Finding effective ways to encourage your staff to get to work on time isn’t easy. Providing them with transport would surely help, but it’s likely to be costly. What tax incentives are there to reduce or even eliminate this expense?
Travelling to work by car is often stressful, putting your workers in a poor frame of mind before they start their day. To add insult to injury, the cost of getting there can make a big dent in their income. Public transport might be less traumatic but is often more costly and not practical if, for example, the nearest bus stop is a mile from your premises. One solution might be to provide your own transport. Although this sounds like something for big business, tax breaks plus a little ingenuity might make it viable.
On the buses
If there’s no nearby bus stop, you could consider subsidising a bus operator to add a stop (or increase the frequency of service to an existing one) within a sensible walking distance of your firm’s premises. In return, your employees would have free or reduced-rate tickets for using the service. The money they save, even though it’s at least partly funded by you, doesn’t count as a taxable benefit in kind.
The service must be used by your employees at least partly for any of the following qualifying journeys between:
- home and workplace (including journeys only completed partly by bus)
- workplaces (including journeys only completed partly by bus).
Tip. Your workers can use the bus service at other times for personal journeys and this won’t trigger a tax charge either.
Tip. You can recoup some or all of the cost of subsidising a bus route by having a salary sacrifice arrangement with your employees. This is where they give up some of their salary in exchange for a bus season ticket. Even where they reimburse you the full cost of the subsidy, they can be better off by 32% or more compared to paying for their ticket out of their wages (see The next step ).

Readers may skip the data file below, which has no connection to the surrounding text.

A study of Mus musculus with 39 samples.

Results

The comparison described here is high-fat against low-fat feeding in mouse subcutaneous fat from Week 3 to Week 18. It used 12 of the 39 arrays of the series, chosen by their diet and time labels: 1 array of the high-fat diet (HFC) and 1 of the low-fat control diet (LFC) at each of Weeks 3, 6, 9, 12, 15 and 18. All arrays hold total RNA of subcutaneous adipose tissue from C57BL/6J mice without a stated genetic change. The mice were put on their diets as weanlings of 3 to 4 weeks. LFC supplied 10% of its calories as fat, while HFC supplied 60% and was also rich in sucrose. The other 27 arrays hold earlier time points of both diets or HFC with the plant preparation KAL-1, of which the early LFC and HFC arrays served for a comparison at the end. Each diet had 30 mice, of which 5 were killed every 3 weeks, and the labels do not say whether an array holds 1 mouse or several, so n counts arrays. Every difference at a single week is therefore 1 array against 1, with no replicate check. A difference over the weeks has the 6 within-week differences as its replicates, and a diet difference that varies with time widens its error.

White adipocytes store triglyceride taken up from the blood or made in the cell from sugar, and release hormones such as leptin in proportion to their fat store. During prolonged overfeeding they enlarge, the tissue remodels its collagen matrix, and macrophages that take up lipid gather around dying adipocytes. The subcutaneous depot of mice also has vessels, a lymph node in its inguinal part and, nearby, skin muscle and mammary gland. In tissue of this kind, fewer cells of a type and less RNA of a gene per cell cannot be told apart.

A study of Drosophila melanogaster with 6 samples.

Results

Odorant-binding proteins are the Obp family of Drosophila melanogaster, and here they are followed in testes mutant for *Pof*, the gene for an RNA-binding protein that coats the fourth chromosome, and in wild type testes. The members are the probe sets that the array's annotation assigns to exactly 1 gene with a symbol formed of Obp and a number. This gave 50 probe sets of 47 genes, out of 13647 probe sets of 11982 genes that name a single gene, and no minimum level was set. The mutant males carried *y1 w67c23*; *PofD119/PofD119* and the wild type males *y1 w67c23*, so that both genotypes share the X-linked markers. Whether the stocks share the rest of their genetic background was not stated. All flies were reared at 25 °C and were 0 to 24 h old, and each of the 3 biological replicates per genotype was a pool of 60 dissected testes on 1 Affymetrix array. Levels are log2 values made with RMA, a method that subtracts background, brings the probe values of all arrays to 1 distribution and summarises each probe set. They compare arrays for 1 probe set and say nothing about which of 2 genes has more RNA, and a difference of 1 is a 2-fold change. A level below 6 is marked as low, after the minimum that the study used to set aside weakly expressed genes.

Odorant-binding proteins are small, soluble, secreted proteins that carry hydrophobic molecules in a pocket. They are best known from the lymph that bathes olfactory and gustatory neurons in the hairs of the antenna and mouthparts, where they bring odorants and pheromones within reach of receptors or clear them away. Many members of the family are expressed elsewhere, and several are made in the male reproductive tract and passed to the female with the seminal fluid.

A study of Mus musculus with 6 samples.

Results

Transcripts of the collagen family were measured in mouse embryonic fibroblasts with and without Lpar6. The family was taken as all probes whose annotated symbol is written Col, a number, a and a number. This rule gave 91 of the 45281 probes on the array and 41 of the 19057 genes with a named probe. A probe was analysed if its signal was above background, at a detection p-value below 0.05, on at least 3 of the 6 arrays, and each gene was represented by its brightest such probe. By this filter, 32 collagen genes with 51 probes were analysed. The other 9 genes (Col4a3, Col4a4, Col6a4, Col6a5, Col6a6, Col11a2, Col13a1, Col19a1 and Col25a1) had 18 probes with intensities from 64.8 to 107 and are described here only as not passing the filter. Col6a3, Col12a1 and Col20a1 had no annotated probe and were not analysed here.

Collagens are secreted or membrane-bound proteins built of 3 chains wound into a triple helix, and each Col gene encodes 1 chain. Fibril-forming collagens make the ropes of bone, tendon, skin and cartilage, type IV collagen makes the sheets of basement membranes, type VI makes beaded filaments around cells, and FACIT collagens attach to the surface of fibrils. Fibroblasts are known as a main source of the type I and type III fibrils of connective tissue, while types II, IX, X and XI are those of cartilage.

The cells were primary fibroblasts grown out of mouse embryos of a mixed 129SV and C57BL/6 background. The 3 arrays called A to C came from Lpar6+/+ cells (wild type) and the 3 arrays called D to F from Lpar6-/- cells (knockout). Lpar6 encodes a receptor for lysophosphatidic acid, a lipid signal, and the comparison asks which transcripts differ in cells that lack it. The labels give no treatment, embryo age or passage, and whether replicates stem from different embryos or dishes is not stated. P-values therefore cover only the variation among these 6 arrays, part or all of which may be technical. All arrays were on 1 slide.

Small firms can join in
Where a bus subsidy looks too costly even where your workers enter into a salary sacrifice arrangement, the scheme might still work.
Tip. Consider collaborating with other businesses in the vicinity to see whether you can afford the cost of a bus subsidy by clubbing together.
DIY bus scheme
In situations where the bus subsidy scheme isn’t suitable, there’s an alternative tax break that might work. Where you hire or buy a minibus with nine or more seats, and supply a driver, to collect your employees from a few pickup points en route to or from work, this won’t count as a taxable benefit for them. Naturally, the costs of running this service are tax deductible. You could also use the tip above to share costs with other businesses.
Tip. Another way to cover costs would be to hire out the minibus to other firms or organisations, say, at weekends. Although in this case you would have to pay tax on the money you receive.
If you want more tax or business tips, contact us today for more information.